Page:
Australia's newest hero faces ultimate test

Teenager Aaron Baddeley is dreaming of major glory just five years after playing off a handicap of 23

A little over five years ago Aaron Baddeley had a handicap of 23. Today he tees up alongside the world No 1 Tiger Woods and Stewart Cink in the 64th Masters.

Baddeley's high handicap had nothing to do with lack of talent. He was too busy playing cricket at home in Melbourne. His ambition was to play Tests for Australia. It was a grandmother and an aunt who got him interested in golf. He was down to a handicap of six after a year and currently rates plus-four.

Last November, at the age of 18, Baddeley became the youngest ever winner of the Australian Open. He beat a field that included Greg Norman and Colin Montgomerie. On 23 December he received a call from Augusta National saying he had been awarded an invitation to the Masters. "It was like the best Christmas present ever," Baddeley said.

Although the tournament was founded by Bobby Jones, the greatest amateur ever, they rarely invite those not otherwise qualified, such as the British Amateur champion Graeme Storm. Baddeley also has an exemption for the US Open, but the Royal and Ancient have decreed he will have to qualify for the Open unless he becomes exempt.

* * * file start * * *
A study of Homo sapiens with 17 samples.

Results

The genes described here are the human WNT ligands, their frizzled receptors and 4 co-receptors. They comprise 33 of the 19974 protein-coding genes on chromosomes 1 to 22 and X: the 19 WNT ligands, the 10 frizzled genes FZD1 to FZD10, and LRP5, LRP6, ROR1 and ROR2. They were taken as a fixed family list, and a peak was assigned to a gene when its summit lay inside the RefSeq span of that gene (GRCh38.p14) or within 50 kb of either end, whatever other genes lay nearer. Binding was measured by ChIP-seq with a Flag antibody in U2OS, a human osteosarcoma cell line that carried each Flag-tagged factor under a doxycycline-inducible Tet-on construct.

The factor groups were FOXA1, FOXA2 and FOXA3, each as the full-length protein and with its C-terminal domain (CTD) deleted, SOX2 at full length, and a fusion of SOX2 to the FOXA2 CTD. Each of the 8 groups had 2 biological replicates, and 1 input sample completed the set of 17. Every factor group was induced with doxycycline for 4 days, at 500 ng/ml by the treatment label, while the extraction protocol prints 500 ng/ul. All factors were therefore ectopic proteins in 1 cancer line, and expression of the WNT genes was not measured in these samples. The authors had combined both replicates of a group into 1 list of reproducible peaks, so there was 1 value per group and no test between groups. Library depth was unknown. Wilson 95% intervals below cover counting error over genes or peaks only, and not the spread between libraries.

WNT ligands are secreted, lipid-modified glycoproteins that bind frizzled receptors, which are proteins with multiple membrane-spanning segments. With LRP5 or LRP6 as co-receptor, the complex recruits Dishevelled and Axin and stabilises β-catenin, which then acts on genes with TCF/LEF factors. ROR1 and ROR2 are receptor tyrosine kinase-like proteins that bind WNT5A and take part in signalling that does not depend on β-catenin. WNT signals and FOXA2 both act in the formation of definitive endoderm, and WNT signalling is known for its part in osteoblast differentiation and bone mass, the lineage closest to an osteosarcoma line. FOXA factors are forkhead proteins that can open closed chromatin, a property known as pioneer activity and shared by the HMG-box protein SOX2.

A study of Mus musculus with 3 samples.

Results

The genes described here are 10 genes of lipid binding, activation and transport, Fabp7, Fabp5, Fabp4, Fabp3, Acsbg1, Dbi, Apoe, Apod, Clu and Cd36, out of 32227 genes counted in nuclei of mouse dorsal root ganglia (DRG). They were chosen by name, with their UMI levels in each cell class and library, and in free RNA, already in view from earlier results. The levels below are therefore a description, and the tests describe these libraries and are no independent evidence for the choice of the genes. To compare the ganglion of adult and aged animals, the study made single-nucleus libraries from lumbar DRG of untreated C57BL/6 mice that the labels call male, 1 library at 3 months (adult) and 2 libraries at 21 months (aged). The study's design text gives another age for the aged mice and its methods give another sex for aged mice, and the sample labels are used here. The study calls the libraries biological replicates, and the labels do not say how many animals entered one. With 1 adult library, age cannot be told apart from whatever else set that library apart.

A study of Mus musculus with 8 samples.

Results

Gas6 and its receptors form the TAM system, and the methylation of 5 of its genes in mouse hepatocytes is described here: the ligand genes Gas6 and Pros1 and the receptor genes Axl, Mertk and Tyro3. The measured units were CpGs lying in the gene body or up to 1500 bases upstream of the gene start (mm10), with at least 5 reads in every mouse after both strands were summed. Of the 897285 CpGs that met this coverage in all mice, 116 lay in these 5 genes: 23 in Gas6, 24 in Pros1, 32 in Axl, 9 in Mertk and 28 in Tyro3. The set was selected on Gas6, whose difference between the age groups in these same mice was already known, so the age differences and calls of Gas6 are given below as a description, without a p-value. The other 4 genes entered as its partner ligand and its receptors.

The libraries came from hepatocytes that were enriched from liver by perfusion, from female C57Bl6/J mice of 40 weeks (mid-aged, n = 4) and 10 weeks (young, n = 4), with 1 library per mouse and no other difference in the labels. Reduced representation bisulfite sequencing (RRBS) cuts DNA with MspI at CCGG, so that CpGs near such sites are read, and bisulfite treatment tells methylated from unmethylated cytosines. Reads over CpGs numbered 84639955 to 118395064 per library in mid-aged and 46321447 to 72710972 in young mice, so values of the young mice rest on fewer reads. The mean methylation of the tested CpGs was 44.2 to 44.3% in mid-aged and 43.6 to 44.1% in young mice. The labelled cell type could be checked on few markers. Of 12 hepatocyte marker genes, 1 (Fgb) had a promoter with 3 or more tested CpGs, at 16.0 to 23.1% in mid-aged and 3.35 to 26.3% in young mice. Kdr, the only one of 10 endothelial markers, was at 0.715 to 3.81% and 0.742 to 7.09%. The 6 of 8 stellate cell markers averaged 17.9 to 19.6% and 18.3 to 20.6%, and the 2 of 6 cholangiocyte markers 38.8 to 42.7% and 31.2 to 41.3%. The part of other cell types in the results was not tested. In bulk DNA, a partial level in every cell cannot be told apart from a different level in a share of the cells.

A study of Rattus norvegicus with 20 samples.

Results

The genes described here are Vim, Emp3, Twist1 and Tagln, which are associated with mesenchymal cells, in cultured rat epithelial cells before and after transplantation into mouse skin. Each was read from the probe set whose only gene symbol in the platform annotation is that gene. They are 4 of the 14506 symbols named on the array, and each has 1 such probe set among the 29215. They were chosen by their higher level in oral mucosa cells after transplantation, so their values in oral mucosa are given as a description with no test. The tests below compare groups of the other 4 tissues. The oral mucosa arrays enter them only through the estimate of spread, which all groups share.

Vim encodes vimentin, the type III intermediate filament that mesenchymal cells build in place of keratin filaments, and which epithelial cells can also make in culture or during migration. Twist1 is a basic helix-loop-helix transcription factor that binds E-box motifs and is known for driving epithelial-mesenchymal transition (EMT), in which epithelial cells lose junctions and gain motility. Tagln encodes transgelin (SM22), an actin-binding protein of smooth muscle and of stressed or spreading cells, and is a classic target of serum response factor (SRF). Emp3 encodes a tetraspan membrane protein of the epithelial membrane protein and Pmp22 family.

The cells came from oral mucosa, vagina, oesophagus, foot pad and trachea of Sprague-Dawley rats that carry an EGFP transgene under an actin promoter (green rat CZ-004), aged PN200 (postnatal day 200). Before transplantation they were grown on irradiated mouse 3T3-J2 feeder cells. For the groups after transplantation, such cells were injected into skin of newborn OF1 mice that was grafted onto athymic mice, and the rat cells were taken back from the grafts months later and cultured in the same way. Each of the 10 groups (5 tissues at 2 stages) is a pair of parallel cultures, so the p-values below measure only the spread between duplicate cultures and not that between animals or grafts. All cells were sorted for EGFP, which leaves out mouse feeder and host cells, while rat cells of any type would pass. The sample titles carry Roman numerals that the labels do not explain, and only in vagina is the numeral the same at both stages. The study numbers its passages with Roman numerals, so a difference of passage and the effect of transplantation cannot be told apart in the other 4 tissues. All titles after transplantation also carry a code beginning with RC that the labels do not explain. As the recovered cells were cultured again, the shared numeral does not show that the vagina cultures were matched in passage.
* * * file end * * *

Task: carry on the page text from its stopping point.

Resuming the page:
Winning here would do. He does not dismiss the idea, although only three previous champions were first-timers. "I don't see any point playing in a tournament if you don't think you can win," he said.

Baddeley has worn out all the Masters highlight tapes he could find. "I love the Masters. This is what I have dreamed of doing. It has come quicker than I thought - I have worked on my game like any top player. I have dreamed about this so vividly, it's not that much out of reality that I'm here. The British Open and the US Open are great, but there's a certain class of golfers who wear the green jacket."

Baddeley has stayed with Greg Norman, had dinner with Butch Harmon, Woods' coach, and played practice rounds with Nick Faldo, Norman and Jack Nicklaus. "When I was his age I was still on a surfboard," Norman said. "I like Aaron's belief in himself and that he wants to ask so many questions."

Woods said: "I could not hit shots as good as he does at 19."

Baddeley is not the youngest amateur in the field. That is Sung Yoon Kim, a 17-year-old Korean who was the runner-up to David Gossett at the US Amateur. Storm, a member of the Great Britain and Ireland Walker Cup-winning team, will create Masters history by having his mother, Jane, as his caddie.

The arrangement started when Jane drove her son to tournaments and she carried his bag while he won the Amateur at Royal County Down and at the Walker Cup. She had to have six inches cut off the sleeves and legs of the traditional Augusta caddie's overall. "I am very nervous," she said. "I keep Graeme's spirits up."